Cy Young Ponderings

On the heels of the Baseball Bloggers Alliance announcement of the AL Cy Young Award and Tao of Stieb’s ballot, I though I would chime in with my own two cents on the subject. Of course, any year that Roy Halladay doesn’t win is a damn shame and that would make it the fourth in a row where he was at least in the Top Five pitchers in the league.

Now while there is an enormous amount of weight placed in a pitcher’s win/loss record, ERA and strikeouts, let’s take a moment to delve into the overlooked or neglected categories that Cy Young votes should be taking in to consideration.

First of all, if the win/loss record is such a significant part of the ballot then I urge the Baseball Writers of America to at least glance over at the pitcher’s run support category. While C.C. Sabathia’s 19 wins are impressive, even more so were the 7.9 average runs that the Yankees managed to give him in support. One can only imagine what Roy Halladay’s win total would be if the Blue Jays could score nearly eight runs for him every time.


Naturally, Zack Greinke pitching for a weak Kansas City Royals team is at the bottom of the heap when it comes to run support (4.83 runs), and followed closely behind are Felix Hernandez (5.66 runs), Justin Verlander (6.15 runs) and Roy Halladay (6.18 runs).

The next stat is something that ESPN calls “tough losses” which are defined as a loss in games that are quality starts. Depending on what your school of though is on the quality start, this is another point for debate on who is more deserving for the Cy Young. In this situation, the quality start is a bit irrelevant because there are no brownie points with voters for pitching five innings and giving up three runs or less.

But if you are curious about who the most tortured starting pitchers are in the American League when it comes to “tough losses” of course it’s Zack Greinke and Roy Halladay with four a piece.

More intriguing though than the tough loss statistic is the the situation in which the starting pitcher exited the game. Surprisingly, the relievers after Roy Halladay only coughed up one win that should have been his (on May 25th when they blew a five-run lead).

Finally, one final area that should be looked at is the level of opponents that the pitchers faced. Automatically, Roy Halladay is given the advantage because he faced the cream of the crop in the American League more than another other candidate. Doc had a combined 11 starts against the Red Sox, Yankees and Angels compared to Greinke’s three and Hernandez’ six. So in that respect, Halladay has pitched more often against higher-calibre opponents thanks to the MLB’s oh-so balanced schedule.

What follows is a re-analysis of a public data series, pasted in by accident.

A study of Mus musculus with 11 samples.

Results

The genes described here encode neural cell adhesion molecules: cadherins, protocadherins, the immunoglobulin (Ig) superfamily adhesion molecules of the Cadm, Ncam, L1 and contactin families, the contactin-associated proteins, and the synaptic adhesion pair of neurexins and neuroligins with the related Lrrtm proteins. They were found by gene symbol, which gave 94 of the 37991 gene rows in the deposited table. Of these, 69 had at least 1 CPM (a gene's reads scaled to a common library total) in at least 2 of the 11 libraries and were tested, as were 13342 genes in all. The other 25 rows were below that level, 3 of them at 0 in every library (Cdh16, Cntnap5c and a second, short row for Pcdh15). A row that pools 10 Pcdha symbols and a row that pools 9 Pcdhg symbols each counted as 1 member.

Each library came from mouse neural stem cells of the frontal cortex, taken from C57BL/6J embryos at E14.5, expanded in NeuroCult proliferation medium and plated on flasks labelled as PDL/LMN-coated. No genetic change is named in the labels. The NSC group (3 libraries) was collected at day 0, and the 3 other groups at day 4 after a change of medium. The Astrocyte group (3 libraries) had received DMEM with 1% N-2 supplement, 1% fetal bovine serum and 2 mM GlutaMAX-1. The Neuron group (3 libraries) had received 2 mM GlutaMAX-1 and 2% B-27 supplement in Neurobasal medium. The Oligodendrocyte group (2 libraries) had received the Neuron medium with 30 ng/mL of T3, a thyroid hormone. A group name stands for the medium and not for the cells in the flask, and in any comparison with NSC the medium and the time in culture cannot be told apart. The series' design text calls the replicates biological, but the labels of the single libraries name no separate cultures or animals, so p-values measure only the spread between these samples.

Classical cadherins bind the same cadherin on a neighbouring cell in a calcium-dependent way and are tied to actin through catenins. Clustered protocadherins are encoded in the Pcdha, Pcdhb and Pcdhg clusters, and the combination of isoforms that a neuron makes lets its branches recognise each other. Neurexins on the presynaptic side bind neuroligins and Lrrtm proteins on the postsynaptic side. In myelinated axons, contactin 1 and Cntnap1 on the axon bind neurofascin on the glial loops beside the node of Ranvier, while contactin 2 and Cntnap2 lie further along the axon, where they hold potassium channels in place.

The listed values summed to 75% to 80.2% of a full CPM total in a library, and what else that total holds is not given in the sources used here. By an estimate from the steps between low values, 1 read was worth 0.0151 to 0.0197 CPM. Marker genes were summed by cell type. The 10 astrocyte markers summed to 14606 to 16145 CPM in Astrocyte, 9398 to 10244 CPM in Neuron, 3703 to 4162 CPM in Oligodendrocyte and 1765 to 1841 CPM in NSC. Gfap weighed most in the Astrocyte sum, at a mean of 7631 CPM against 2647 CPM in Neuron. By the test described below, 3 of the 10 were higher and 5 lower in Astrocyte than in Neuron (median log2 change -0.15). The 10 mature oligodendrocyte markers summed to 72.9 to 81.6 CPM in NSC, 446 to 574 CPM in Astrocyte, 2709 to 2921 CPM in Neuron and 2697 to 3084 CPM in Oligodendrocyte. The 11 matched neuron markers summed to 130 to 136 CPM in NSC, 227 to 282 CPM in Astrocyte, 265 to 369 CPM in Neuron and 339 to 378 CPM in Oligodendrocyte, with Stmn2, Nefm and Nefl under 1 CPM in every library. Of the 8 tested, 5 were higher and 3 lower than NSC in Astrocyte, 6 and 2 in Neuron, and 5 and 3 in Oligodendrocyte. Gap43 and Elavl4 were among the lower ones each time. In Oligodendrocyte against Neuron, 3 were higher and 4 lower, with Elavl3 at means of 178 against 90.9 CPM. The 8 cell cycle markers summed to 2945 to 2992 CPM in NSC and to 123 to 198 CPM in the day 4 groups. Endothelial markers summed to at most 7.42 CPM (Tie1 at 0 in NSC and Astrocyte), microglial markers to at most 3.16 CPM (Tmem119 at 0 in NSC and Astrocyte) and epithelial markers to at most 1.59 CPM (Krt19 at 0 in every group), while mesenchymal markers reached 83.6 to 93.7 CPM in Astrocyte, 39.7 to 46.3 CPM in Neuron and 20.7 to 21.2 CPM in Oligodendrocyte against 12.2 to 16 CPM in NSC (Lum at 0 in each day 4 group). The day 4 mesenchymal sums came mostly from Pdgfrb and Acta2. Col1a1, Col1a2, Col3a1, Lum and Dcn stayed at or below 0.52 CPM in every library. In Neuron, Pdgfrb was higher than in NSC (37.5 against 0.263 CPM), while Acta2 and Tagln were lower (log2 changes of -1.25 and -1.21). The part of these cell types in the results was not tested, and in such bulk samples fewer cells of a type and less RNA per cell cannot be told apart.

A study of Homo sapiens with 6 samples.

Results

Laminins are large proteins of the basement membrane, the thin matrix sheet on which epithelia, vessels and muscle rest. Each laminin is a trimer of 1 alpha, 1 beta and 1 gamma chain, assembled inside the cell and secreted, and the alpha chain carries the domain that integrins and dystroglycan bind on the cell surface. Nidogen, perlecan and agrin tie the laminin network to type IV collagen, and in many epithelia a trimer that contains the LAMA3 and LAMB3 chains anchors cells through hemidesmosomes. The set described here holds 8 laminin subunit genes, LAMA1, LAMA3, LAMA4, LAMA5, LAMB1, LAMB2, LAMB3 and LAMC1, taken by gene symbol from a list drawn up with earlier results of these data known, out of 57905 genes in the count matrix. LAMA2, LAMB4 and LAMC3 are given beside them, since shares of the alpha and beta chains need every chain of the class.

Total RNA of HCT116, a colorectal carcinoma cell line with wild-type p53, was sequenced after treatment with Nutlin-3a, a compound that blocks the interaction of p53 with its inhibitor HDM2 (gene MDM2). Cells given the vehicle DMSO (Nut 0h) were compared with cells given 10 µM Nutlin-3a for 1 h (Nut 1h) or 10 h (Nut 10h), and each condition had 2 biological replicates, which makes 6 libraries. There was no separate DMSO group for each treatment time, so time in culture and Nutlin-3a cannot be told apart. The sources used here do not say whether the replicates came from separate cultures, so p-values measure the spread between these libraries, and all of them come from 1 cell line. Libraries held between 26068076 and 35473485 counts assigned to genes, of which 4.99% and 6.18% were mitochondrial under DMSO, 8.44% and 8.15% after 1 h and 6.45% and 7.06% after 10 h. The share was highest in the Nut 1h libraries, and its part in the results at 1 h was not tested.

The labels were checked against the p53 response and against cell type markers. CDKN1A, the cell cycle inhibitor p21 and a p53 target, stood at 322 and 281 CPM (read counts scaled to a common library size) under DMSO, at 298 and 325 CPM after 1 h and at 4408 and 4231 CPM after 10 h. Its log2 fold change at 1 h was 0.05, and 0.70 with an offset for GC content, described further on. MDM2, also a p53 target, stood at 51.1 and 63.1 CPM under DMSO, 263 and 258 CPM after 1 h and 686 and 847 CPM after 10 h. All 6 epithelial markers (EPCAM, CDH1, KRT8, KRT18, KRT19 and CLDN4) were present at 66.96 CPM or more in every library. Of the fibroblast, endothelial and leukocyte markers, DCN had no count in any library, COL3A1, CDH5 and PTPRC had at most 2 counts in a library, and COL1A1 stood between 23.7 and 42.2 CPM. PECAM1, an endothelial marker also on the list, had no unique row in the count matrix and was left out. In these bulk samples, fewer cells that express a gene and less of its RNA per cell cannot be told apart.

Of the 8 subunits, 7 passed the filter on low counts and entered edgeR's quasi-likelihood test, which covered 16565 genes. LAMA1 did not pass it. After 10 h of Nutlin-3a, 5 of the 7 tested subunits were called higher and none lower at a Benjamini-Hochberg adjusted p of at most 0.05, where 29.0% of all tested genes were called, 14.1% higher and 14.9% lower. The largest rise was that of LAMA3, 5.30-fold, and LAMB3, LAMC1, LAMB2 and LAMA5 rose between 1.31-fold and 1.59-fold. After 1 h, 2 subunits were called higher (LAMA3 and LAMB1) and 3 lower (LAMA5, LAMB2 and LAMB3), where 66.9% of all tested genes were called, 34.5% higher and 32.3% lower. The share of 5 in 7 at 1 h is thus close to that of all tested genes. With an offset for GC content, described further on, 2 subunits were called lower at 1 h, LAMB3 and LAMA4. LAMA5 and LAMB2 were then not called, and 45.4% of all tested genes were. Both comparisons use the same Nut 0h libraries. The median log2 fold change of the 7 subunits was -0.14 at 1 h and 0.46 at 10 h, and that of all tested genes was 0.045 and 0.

By looking at all these stats, one could be accused of trying to work the numbers in favour of their candidate and in a way that’s true. I’ve come with grips that Roy Halladay will not be taking home the Cy Young hardware this year, but I just want folks to know that he at least deserved to be in the top three pitchers for consideration.

Ian Hunter

Ian has been writing about the Toronto Blue Jays since 2007. He enjoyed the tail-end of the Roy Halladay era and vividly remembers the Alex Rodriguez "mine" incident. He'll also retell the story of Game 5 of the 2015 ALDS to his kids for the next 20 years.

6 thoughts on “Cy Young Ponderings

  • October 20, 2009 at 2:17 pm

    What drives me bonkers is the voters who feel that the Cy Young award should be given to a pitcher on a playoff contending team.

    This is the best pitcher award, not the MVP for pitching.

  • October 20, 2009 at 4:47 pm

    I know Peter, it really is irrelevant if the candidate's team made the playoffs or not. But some folks might be more apt to look at Sabathia because he plays for the Yankees AND he has 19 wins.

    Luckily the BBA got it right and C.C. only actually received 2 points, and it was a unanimous choice for Greinke.

  • October 21, 2009 at 10:13 am

    Halladay has a chance to be the most overlooked player of his era when everything shakes out. And it's directly related to his lack of Cy Young Awards. Halladay lacks a sexy season where he is indisputably the best pitcher in baseball for that particular year stat-wise. People just don't tend to see players in a 3-5 year window, which is a shame because I would be very hard pressed to find another pitcher that can match Halladay's accumulated stats over the last five years. He is so consistently dominant, even voters take him for granted. He's almost too boring in his greatness, which is a damn shame.

  • October 21, 2009 at 8:04 pm

    BK, when people look back in 25 years, it's sad to say but Roy Halladay will not stand out in their minds. Unless he makes it to 300 career wins or picks up another couple of Cy's before he's 40, Doc is going to be an afterthought.

    You're right, it IS a damn shame!

  • October 11, 2010 at 5:57 pm

    Wow. What a difference a year makes! What do you guys think now? Halladay forgotten? LOL

  • October 12, 2010 at 2:59 am

    Anon, I'm just happy to see Halladay getting the recognition he deserves. He basically has the Cy Young locked up, and could add a World Series collection to his trophy case. Not bad for a season's work!